IT consultancy Bluefin Solutions has claimed that SAP’s in-memory database, HANA, could cause the biggest paradigm shift since the introduction of IBM’s original PC in the 1980s.
Speaking to Computerworld UK sister title Techworld at the SAP User Group conference in Birmingham, Bluefin’s information architecture and strategy capability lead Ian Brown made the strong claims.
Brown said that HANA has made it possible for a finance director to sit in his office with a box in a cupboard next to him running two billion rows of data.
“HANA is effectively the ability to take an enterprise scale database and put it in a single box,” said Brown, “and it only costs £50,000. That may sound like a lot, but in the 80s businesses used to have to spend £10,000 to get things working on a PC, and that transformed the small business. You’ve now got a box which is not a million miles away from that. For big companies, they can put their numbers on it and run it live.”
“I believe SAP HANA will take off because it’s going fundamentally to hit the same sweet-spot of huge corporate demand that drove the PC’s takeover of most of the world,” said Brown.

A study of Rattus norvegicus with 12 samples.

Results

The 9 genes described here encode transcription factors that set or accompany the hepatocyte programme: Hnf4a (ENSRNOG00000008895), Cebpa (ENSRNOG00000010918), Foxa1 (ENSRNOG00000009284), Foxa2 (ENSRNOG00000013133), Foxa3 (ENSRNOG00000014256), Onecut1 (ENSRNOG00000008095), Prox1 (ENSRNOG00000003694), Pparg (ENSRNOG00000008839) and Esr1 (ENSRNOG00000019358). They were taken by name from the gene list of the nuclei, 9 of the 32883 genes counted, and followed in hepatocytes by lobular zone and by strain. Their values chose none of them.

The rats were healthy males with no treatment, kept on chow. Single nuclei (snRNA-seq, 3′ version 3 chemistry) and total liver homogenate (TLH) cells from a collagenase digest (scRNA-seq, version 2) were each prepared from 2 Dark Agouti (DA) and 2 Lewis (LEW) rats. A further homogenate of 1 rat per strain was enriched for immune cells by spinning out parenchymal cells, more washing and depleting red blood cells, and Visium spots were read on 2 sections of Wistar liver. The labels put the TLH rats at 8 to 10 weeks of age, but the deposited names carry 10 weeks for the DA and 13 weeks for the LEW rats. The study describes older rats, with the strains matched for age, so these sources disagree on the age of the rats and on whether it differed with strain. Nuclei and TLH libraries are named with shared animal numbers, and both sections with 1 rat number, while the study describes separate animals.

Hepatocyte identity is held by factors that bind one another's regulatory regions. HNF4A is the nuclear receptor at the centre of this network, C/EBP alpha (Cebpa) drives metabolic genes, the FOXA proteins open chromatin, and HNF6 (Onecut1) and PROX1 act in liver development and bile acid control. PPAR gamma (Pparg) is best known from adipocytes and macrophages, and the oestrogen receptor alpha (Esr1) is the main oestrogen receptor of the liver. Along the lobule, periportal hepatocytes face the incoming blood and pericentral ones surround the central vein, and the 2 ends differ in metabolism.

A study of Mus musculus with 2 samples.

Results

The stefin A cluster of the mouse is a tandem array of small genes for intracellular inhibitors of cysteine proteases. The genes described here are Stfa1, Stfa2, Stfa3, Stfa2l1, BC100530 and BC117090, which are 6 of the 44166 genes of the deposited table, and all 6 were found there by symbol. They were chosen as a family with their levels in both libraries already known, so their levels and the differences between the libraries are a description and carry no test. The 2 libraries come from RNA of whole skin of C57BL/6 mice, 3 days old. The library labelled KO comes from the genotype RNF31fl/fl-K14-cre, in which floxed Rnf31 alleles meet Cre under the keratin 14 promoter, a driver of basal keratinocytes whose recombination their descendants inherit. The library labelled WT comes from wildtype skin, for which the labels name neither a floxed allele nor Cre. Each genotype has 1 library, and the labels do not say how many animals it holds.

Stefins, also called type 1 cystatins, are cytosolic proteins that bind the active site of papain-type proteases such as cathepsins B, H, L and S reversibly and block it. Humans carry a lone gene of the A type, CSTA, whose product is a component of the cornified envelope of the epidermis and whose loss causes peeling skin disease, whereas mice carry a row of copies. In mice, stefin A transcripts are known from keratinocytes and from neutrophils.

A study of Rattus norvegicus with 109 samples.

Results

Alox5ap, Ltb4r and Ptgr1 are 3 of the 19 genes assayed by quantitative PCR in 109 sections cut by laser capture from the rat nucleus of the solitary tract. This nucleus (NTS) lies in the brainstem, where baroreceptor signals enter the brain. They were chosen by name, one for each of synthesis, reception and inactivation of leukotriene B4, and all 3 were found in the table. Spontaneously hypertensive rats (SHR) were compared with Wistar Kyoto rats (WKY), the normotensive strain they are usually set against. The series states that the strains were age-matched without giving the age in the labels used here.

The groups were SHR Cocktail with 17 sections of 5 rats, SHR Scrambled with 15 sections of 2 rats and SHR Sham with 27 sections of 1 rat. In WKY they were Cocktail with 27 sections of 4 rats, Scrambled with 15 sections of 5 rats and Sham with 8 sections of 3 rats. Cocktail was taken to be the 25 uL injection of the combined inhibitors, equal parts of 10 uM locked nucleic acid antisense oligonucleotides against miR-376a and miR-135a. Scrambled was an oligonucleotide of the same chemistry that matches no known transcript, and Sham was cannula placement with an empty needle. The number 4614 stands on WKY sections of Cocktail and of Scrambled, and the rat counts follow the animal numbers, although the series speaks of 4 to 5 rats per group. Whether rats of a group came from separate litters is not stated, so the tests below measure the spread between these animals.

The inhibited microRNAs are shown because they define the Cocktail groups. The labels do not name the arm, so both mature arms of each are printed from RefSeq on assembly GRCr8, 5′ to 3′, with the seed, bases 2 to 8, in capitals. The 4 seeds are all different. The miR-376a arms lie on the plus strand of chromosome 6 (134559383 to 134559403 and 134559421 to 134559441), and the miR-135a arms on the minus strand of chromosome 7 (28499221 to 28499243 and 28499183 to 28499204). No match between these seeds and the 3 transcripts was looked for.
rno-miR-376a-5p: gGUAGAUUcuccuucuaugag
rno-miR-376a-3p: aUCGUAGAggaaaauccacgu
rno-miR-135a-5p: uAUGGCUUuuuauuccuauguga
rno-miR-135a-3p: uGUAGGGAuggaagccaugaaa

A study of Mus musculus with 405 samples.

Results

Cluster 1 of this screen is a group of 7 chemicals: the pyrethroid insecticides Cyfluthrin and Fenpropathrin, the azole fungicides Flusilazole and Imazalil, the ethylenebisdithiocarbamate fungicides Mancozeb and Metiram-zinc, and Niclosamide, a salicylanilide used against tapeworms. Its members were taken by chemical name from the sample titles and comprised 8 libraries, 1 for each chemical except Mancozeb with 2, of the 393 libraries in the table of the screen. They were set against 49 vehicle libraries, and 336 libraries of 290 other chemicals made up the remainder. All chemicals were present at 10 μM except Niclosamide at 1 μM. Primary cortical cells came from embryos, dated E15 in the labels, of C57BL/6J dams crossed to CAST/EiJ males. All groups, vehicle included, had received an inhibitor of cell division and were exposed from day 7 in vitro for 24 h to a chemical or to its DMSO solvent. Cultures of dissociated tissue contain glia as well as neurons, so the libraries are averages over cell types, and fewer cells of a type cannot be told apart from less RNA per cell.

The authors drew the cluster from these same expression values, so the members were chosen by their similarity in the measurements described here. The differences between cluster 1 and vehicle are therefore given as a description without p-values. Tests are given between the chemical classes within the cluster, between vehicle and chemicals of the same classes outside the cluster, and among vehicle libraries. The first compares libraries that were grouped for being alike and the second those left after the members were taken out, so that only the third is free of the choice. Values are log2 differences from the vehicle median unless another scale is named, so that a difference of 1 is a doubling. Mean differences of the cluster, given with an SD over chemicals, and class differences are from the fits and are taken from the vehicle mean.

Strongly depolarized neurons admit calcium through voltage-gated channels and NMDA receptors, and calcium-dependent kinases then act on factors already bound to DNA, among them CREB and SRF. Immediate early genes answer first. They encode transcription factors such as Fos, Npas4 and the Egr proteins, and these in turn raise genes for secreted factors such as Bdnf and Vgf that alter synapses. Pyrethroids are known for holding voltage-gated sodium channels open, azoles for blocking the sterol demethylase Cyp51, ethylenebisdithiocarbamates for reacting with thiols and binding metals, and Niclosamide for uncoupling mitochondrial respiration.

Launched in December 2010, HANA employs an in-memory computing engine, wherein data to be processed is held in RAM instead of being read from disks or flash storage, providing a performance boost. SAP intends HANA boxes to be attached to its own ERP systems, sucking in and analysing transactional data in real time. However, HANA’s ‘agnostic’ data access functionality means any information source can be used.
Bluefin works with clients such as BSI, Camelot, Travelodge and Royal Mail to help them achieve greater business performance by optimising SAP technology. Brown said that HANA could potentially be of use to all its customers, but that the company is currently targeting those running SAP NetWeaver Business Warehouse on SQL server.
“HANA will swallow anyone who’s running BW on SQL server, as they’re likely to have a database that’s small enough to run on HANA today,” he said. “For the bigger enterprises currently running Oracle or DB2, the technology isn’t there yet. Oracle databases tend to go up to around 30 Terabytes, whereas HANA can swallow around 2 Terabytes.”
However, Brown said Oracle is getting very nervous, as Moore’s law will mean that ultimately the hardware will get bigger and cheaper, until it becomes a direct competitor with Oracle Exalytics.
Constellation Research analyst Ray Wang agrees that a SAP’s strong play targeting the database market will hurt Oracle, but said that it should not get worried just yet.
“If you’re really serious about undercutting Oracle, you make a database. You cut into Oracle’s market on database so that you actually stop funding there,” Wang said.
“But Oracle’s got so big because of all the acquisitions, you can’t just cut them off on database, although that’s one big piece. They were vulnerable at one point in time. Teradata pretty much was in that same boat. So this is just natural competition between the tech vendors.”